Dr. Gerhard Schick, MdB
In his recent blog piece, Mathias Vernengo invokes the Brazilian phrase “The Greek Present” (Presente de Grego) or unwelcome gift, to make his point that the Euro was an unwelcome present for Greece. Rather than looking back and speculating about whether the Euro was introduced in a timely way in Greece, I want to look ahead and assert that the Greek crisis is an opportunity. Never waste a crisis. In a few years, if we succeed in overcoming the current problems, we might say that the progress made in economic governance in the wake of the Greek crisis was a gift.
The European Union is in dire need of new economic government arrangements as a consequence of forming the currency union and learning the lessons of the global financial and economic crisis. Tighter cooperation with regard to the economic policy is needed to ensure the success of the currency union. But how might stronger cooperation be realized? To answer this question, one needs to scrutinize the prevailing governance of the Euro area in regard to two points: First, the inflation of consumer prices which is controlled by the European Central Bank (ECB) and, second, state expenditures, which are controlled by the European Commission in compliance with the European Stability and Growth Pact. This governance arrangement creates two blind spots.
The first blind spot relates to private debt. In recent years, the private debt soared in those Euro-countries which were most seriously hit by the economic crisis. For instance, Spain and Ireland accumulated private debt of more than 160 per cent of their gross domestic product (GDP). This rise inflated asset prices, especially the prices for real estate and financial assets. But the European Commission and ECB were not alarmed by these developments. To the contrary, prior to the crisis Spain and Ireland were heralded as shining examples with respect to their state expenditure levels which met the targets of the European Stability and Growth Pact.
But the crisis-stricken countries had only one way out – namely, to increase public expenditures in order to stimulate private consumption. This reaction to the crisis increased the public deficit and led to a breach of the Stability and Growth pact. This situation illustrates why the ECB and the European Commission must overcome their dogmatic belief that, in a currency union, it is only public debt which causes difficulties.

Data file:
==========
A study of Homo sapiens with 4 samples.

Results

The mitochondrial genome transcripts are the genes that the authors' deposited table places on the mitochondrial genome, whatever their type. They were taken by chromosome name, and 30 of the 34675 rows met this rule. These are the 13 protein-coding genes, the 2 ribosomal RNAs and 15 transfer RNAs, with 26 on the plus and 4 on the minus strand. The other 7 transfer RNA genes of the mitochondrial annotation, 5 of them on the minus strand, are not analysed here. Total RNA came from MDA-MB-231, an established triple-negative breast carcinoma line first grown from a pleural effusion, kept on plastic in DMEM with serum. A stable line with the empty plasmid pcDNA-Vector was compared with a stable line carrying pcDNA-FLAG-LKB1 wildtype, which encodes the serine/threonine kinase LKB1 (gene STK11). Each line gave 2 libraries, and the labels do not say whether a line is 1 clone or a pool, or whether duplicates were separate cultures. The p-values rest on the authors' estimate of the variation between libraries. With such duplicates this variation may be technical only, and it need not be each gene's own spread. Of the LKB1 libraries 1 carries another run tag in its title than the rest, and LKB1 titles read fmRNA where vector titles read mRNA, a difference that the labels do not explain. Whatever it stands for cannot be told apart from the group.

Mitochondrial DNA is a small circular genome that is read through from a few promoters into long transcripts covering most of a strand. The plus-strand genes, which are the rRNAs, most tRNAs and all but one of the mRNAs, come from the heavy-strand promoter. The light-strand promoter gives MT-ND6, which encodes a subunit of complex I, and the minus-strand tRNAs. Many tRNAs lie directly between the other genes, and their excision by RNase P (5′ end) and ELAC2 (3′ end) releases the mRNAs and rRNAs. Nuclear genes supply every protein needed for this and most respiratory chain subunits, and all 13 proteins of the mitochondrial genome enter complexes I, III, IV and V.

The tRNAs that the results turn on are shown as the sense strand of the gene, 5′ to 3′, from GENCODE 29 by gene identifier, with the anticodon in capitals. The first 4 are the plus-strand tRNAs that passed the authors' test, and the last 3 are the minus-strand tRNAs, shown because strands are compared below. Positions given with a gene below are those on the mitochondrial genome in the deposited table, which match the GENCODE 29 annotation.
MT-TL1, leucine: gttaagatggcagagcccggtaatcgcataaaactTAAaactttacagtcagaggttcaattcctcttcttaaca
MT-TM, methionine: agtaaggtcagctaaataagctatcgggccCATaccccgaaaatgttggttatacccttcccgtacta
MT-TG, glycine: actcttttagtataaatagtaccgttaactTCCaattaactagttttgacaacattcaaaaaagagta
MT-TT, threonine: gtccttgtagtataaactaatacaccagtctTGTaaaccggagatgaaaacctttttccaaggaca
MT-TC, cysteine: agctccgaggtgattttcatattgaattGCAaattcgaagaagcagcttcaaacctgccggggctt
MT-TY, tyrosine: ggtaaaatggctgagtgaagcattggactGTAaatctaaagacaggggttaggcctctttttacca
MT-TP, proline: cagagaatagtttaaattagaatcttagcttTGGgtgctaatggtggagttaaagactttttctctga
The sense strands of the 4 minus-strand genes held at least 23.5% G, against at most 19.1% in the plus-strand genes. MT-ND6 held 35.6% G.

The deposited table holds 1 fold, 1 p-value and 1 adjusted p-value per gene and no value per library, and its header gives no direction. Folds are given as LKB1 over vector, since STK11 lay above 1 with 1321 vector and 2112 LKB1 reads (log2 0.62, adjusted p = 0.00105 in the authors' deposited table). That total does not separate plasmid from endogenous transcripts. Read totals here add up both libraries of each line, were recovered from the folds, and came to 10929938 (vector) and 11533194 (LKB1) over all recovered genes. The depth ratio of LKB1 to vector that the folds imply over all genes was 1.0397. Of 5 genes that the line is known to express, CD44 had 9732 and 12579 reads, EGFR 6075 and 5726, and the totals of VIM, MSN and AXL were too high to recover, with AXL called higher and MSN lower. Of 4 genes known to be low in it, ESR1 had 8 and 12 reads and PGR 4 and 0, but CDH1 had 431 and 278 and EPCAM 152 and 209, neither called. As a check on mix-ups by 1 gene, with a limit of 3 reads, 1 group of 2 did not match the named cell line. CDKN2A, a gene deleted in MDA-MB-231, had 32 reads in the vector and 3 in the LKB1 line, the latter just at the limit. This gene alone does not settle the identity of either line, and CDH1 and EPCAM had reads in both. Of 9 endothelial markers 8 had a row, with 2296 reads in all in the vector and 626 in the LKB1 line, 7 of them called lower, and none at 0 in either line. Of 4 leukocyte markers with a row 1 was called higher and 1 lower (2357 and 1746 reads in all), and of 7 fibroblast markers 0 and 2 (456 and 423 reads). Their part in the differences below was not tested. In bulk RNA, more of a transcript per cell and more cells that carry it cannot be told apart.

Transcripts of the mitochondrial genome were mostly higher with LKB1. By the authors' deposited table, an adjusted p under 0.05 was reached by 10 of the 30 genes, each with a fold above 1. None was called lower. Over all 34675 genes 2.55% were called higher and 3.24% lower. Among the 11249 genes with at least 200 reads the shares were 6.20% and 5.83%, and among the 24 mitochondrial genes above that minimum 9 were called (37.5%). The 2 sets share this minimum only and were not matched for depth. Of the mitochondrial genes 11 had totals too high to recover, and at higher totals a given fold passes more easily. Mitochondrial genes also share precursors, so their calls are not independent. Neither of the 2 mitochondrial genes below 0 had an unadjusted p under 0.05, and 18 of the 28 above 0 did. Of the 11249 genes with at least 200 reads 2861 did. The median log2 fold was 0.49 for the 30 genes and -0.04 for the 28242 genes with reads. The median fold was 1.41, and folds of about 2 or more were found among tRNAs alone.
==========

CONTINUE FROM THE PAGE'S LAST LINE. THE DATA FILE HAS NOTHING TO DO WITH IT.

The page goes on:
The second blind spot of the current economic governance arrangements relates to the shifts in relative competitiveness among the EU member states. Germany’s competitiveness grew because, during the last ten years, harsh wage restraints were put into effect. But this caused a tremendous imbalance in the current account. No one can rebuke Germany for its world champion status in exports due to the high quality products. Yet, it’s not quite normal that wage restraints depress Germany’s demand for higher levels of imports. A race to restrain wages isn’t a good idea for the Euro zone. In a strongly integrated economic zone, such as the European Union, the current accounts surplus of one group of countries is the current account deficit of another group of countries.
For its member states, the Commission’s key indicator must be the trade balance. As soon as the imbalances exceed three percent of gross domestic product, the Commission must begin a process of surveillance and – if necessary – reap the political consequences. Where the deficit or surplus exceeds 5 per cent of the GDP the surveillance process should be obligatory. Today, for example, Greece’s current account deficit with other European states (14.4 per cent of its GDP in 2008) forces only the Greek government to act. But, as a German politician I have to admit, the German surplus (7 per cent of GDP in 2008) necessitates a change in German policy as well.
There are also institutional gaps to be filled. George Soros is right when he states: “It is clear what is needed: more intrusive monitoring and institutional arrangements.” To achieve this, a reliable and a verifiable data base is needed because, at this point, Eurostat is dependent on the national reports from the member states. Soros is also right when he reminds us that a currency union needs a central bank and a finance ministry. Of course, in the institutional context of the European Union, we would not think about the creation of such an institution in the first place. But it is crucial to establish at the European level the competences that a finance ministry possesses: taxation, control of a budget that can be adapted in times of crisis, the right to implement and enforce the economic policy guidelines, and the organization of financial transfers between parts of the Union.
Whereas the union requires closer co-operation among member states, the need for unanimity in decision-making makes political progress very difficult in matters such as the Eurostat problem and the move toward more binding economic policy guidelines. While European leaders are considering the levying of EU-wide taxes and the strengthening of the fiscal policy role by increasing the European budget, these matters are still on the side lines of the political debate. Still, one should not expect that closer economic policy co-operation by member states, in and of itself, will be sufficient to avoid a breaking up of the currency union in the long run.
The issues raised here require a bold political move…a complete turnaround in the economic policy of the European Union. But a turnaround is needed if we want to avoid further crises in the European Currency Union.